By Jonathan Farrell     May 7, 2017 in Entertainment
Petaluma - The special premiere of "American Wrestler - The Wizard" at downtown Petaluma's Boulevard Cinema 14 last night was sold out. And for good reason, everyone likes a story of redemption and unexpected outcome when all seemed dim.
What makes the story even more appealing is that it is local and true.
Based on the early life of actor-producer Ali Afshar, "American Wrestler" has in it all the things that inspire people to not give up, especially with regards to The American Dream. While initial reviews for the movie point out flaws, to this reporter, who observed the audience, the movie is a crowd pleaser and does what it aimed to do: to get people to cheer.
Afshar admitted to the Washington Times that the storyline took some liberties and added a bit of the Hollywood touch. He said the focus on the American Dream was most important to him in telling the story.
Variety noted that "American Wrestler" was formulaic and the Hollywood Reporter said that the story line was a bit lackluster. Yet, it is clear to see the basic outline of the movie has personality.
Much of the setbacks as I see them have to do with the blurring of important details. For instance, the fact that Iran or ancient Persia has a tradition of wrestling that goes back thousands of years. It is mentioned but very little is given in the context of the movie to help bring that to life.
After the movie, I was surprised to learn that Ali and his uncle were not alone in being Iranian wrestlers in America. There were others. And here too, the movie could have given a bit more detail. Especially, in showing the happier times — the days when Iran was welcomed and in favor with America.
Afshar's character (referred to as Ali Johani in the movie) has more to reveal, especially about the conditions in Iran that made him want to come to America. Yes, it is mentioned but it is not highlighted at the points were it should be. Use of montage was minimal and some of that technique should have been used to tell more of the background of Ali and what he went through.
George Kosturos the actor who portrays Ali is very convincing as a refugee immigrant trying to fit in. I had the privilege of speaking with him briefly at the premiere on Friday. He is actually Greek, not Iranian. In the movie he is very convincing and captures the essence very well.
George s brother Tony Kosturos joined him at the premiere on Friday evening. It was a proud moment a...
George's brother Tony Kosturos joined him at the premiere on Friday evening. It was a proud moment and one shared by many who came to see the film.
One scene with John Voight (who plays the high school principal), Kosturos shows him the "key of paradise" pendent he was given by Iranian officials who had sent him to a mine field to clear the way for the more deserving soldiers who were more stronger and better than he. This was important and director Alex Ranarivelo made sure it was referenced to. Still to have a montage or subtle flashback scene to go with it would have helped the audience. Iran is more than what happened in 1979-1980 as The American Embassy was taken hostage by revolutionary-extremists.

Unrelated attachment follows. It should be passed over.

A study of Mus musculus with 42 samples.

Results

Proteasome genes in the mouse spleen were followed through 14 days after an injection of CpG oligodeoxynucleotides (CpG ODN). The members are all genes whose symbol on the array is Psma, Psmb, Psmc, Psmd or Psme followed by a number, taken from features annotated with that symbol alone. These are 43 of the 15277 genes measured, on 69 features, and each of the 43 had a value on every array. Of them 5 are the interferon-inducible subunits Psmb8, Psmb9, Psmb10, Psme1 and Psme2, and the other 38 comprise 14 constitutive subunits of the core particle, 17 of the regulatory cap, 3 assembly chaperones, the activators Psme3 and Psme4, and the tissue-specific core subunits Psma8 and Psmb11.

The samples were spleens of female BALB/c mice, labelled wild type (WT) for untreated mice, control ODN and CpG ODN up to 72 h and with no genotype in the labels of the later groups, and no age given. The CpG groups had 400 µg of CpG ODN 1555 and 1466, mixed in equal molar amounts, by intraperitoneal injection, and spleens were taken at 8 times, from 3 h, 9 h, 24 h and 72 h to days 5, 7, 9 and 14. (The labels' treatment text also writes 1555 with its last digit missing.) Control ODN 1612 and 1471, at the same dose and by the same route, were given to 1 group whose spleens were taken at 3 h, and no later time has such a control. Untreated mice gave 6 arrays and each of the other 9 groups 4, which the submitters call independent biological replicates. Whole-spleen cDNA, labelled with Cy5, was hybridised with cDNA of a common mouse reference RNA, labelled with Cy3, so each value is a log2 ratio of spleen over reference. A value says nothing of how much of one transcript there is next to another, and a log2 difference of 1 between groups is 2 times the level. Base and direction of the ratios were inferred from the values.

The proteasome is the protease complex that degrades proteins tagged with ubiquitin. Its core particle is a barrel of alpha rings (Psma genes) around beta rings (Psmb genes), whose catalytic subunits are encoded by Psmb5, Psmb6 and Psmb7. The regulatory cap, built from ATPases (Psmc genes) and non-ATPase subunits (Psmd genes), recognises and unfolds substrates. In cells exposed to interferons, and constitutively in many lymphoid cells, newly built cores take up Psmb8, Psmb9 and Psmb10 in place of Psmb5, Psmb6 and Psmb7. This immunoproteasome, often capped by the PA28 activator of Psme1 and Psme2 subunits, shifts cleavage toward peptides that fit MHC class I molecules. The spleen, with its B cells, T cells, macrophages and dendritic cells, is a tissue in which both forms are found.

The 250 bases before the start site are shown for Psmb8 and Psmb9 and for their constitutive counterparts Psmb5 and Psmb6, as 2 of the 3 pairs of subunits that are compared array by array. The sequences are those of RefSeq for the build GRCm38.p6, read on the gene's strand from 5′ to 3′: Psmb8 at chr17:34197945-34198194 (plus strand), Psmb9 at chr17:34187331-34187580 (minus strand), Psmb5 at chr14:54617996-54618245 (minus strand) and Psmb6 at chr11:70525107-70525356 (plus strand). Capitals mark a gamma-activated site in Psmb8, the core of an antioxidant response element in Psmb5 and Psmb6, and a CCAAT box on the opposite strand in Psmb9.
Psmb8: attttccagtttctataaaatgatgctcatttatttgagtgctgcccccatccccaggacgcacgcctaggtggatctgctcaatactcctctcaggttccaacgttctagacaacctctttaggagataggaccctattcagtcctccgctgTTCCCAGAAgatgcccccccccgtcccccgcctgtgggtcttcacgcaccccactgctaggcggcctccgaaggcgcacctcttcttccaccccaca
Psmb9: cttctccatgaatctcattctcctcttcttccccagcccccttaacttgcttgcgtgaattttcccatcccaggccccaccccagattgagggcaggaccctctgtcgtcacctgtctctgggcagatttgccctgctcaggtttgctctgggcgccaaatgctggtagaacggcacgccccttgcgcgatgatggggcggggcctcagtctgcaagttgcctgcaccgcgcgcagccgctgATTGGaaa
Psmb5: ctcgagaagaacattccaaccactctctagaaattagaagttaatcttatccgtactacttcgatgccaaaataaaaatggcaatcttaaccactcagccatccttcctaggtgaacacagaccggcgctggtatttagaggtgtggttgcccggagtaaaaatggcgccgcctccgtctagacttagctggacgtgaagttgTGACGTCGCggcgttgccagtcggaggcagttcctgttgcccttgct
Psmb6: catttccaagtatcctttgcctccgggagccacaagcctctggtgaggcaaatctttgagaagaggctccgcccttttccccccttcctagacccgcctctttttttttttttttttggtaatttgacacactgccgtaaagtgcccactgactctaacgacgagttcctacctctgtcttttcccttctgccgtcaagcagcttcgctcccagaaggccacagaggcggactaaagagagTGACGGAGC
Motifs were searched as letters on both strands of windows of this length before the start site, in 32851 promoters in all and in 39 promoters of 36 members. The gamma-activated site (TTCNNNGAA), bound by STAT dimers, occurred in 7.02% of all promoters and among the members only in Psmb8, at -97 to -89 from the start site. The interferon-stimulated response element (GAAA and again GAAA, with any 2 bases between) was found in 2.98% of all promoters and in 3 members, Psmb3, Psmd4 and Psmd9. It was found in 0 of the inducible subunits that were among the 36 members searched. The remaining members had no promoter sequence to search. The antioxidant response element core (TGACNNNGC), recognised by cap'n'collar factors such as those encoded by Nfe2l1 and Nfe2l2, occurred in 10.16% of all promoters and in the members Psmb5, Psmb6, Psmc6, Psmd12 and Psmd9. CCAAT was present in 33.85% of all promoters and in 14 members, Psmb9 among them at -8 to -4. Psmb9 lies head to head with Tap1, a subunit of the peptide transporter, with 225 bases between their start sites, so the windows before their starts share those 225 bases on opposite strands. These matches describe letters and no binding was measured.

The outsider versus the xenophobic locals is a simple plot. That was well directed. But to really appreciate why and how Ali got to where he is, something more was needed. The "paradise key" would have been the opportunity. The complexity of Iran as a nation and its deeply layered aspects of Persian culture is something seldom understood or examined by American cinema.
Ashfar mentioned to the Washington Times that he still experiences a prejudice and an ignorance about anything Middle Eastern not just on the subject of Iran. A movie such as this would help provide a better understanding and appreciation. And, hopefully in some ways it will, especially to a sold-out crowd like the one Friday night.
Determined Ali (portrayed by actor George Kosturos) finds a spot on the wrestling team. He works har...
Determined Ali (portrayed by actor George Kosturos) finds a spot on the wrestling team. He works hard to help bring his high school's wrestling team to the State Championships.
In the struggle with 'the bullies' there was no insight as to why the bullies in the story were the way they were. Only shown on screen was what they were at school. Nothing about their life at home or even what side of town they were from; very little indications of why they were the way they were except for a love of sports.
Dialogue is important but the audience must see the story unfold and have the chance to feel it. Film allows for details and subtlety that stage is not able to do.
There was plenty of news footage from the time period of 1979-1981 and that helped. But it only provided a superficial discussion. The contrast between Ali and the life in Petaluma was not sharp enough and explanations were not precise, especially when acted upon.
Ali's uncle (portrayed by Afshar himself) gives some explanation. But it falls apart when his emotions and actions go to extremes. This causes confusion in maintaining the point of reference for the audience and here another opportunity for detail and better understanding is lost. Even with that, "American Wrestler" is worth seeing and is memorable.
"The scenery of rural Petaluma and Sonoma County are luminous," said Kathy Ostram, a long-time resident of the area. She and her late husband Steve Ostram moved to Sonoma in 1982. She remembers the times quite well. "I wish they could have shown more of the town of Petaluma. But perhaps they were not able to do that because Petaluma, just like everywhere else has changed so much in the past 30 to 40 years; Petaluma today does not look like it did back then in 1980."
The LA Times in its review noted that "American Wrestler" has a potent timelessness to it. The movie continues to show at selected cities. For details visit "American Wrestler - The Wizard" page on Facebook.